Everyone has been to a festival that turned out to be a bit looser than they originally anticipated, but Iain Morris’ new film The Festival has taken the idea of a mad festival to a new level. With an all-star cast which includes Noel Fielding as DJ Hammerhead and Nick Frost as a trigger-happy tattoo artist, the film follows Nick (Joe Thomas), a freshly graduated university student and first-time festival-goer who is in for some big surprises.
The opening scene sets the tone with bodily fluids going astray, preparing the audience for the perpetually crude and often outrageous list of things that happen to Nick and best friend Shane (Hammed Animashaun) over the course of the weekend. Ripped piercings, smurfs, drunk tattoos, dogging, stripping, druids and bestiality (which are, surprisingly, linked) all feature in this coming-of-age tale.
Nick, who has a spectacular breakdown during his graduation ceremony after a savage dumping from his girlfriend Caitlin (Hannah Tointon), attends his first festival with Shane (a DJ Hammerhead superfan). Cue a series of both fortunate and unfortunate events throughout the rest of the film.
While this is a coming-of-age comedy directed by the man who created The Inbetweeners, it should be different enough to warrant its standalone title. The Festival, however, could have benefited from actually being part of the Inbetweeners franchise. From the opening scene, which sees Thomas and Tointon (who plays Tara in the TV series) once again in a one-sided relationship, it is hard to shake the idea that this isn’t ‘The Inbetweeners Movie 3’ out of your head.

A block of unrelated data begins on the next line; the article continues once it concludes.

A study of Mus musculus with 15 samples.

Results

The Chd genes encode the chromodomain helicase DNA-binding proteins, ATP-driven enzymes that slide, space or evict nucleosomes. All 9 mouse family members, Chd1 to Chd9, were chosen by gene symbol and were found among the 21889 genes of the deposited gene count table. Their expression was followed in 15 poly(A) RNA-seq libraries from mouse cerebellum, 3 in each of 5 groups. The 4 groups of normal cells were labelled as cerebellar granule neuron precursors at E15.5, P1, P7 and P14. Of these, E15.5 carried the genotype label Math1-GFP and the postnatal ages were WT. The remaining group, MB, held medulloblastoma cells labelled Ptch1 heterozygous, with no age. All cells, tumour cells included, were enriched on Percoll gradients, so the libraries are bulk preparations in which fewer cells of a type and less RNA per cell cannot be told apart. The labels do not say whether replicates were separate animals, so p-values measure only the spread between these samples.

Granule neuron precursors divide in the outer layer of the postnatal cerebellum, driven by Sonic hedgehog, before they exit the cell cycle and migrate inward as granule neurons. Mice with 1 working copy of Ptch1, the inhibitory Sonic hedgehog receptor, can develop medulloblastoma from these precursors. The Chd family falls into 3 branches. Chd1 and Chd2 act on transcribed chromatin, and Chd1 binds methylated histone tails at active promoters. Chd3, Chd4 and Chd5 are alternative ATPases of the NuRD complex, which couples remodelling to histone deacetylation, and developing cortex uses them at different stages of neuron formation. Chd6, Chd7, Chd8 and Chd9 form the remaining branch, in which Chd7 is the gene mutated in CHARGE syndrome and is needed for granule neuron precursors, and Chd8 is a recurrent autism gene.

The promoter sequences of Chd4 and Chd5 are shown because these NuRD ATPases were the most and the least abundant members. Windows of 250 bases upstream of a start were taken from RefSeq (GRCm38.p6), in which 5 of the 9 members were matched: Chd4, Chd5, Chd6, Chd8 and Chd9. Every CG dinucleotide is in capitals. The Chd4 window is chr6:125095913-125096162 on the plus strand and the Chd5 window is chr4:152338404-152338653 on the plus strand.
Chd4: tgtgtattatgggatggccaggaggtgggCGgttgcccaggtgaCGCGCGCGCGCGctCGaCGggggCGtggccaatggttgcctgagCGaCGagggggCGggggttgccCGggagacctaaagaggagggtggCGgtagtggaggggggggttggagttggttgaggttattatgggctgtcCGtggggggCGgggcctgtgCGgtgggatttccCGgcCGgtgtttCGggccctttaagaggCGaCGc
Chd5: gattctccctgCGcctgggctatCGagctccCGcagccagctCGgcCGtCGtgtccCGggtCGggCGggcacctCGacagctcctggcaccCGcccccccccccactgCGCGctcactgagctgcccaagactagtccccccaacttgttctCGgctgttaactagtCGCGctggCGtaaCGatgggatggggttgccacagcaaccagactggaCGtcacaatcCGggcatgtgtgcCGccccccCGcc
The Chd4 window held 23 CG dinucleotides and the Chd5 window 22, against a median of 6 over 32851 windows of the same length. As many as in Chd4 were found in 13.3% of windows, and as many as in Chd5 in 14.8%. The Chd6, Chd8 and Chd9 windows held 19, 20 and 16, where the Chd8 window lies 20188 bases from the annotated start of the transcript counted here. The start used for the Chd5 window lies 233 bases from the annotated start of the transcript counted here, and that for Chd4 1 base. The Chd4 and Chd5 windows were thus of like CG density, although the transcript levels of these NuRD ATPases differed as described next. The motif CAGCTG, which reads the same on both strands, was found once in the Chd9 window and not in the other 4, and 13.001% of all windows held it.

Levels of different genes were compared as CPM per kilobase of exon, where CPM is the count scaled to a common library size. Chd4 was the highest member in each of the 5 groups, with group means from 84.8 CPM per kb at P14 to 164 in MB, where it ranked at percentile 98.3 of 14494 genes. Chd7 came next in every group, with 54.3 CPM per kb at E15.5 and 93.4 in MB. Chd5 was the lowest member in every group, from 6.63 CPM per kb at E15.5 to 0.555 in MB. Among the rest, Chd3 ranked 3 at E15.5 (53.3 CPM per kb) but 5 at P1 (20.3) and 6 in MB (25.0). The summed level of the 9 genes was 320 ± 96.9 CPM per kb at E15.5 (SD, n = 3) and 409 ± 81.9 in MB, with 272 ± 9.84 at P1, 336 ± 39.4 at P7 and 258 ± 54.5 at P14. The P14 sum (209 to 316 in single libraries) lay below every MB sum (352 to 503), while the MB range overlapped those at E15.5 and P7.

We see Tointon dumping Thomas, something which all Inbetweeners fans have seen before, and The Festival even features Theo Barklem-Biggs as the drug addled ‘Gordy’ – a character not dissimilar to Richard, the seemingly omnipresent and enduring adversary in The Inbetweeners Movie.
The cinematography of the film is spot on. Having been filmed at both Bestival and Leeds Festival in 2017, the crowd and extras are actual festival-goers, which adds to the authenticity of the film.
Despite a pretty disappointing and predictable ending, The Festival is well worth a watch if you are a festival fan. It dramatises the festival experience well, giving an insight into what could happen if you left the campsite once in a while. Although it is hard to remove the perpetual reminders of The Inbetweeners from your head throughout the film, it is important to see The Festival as its own entity, as drawing comparisons to the former will most likely spoil the excitement.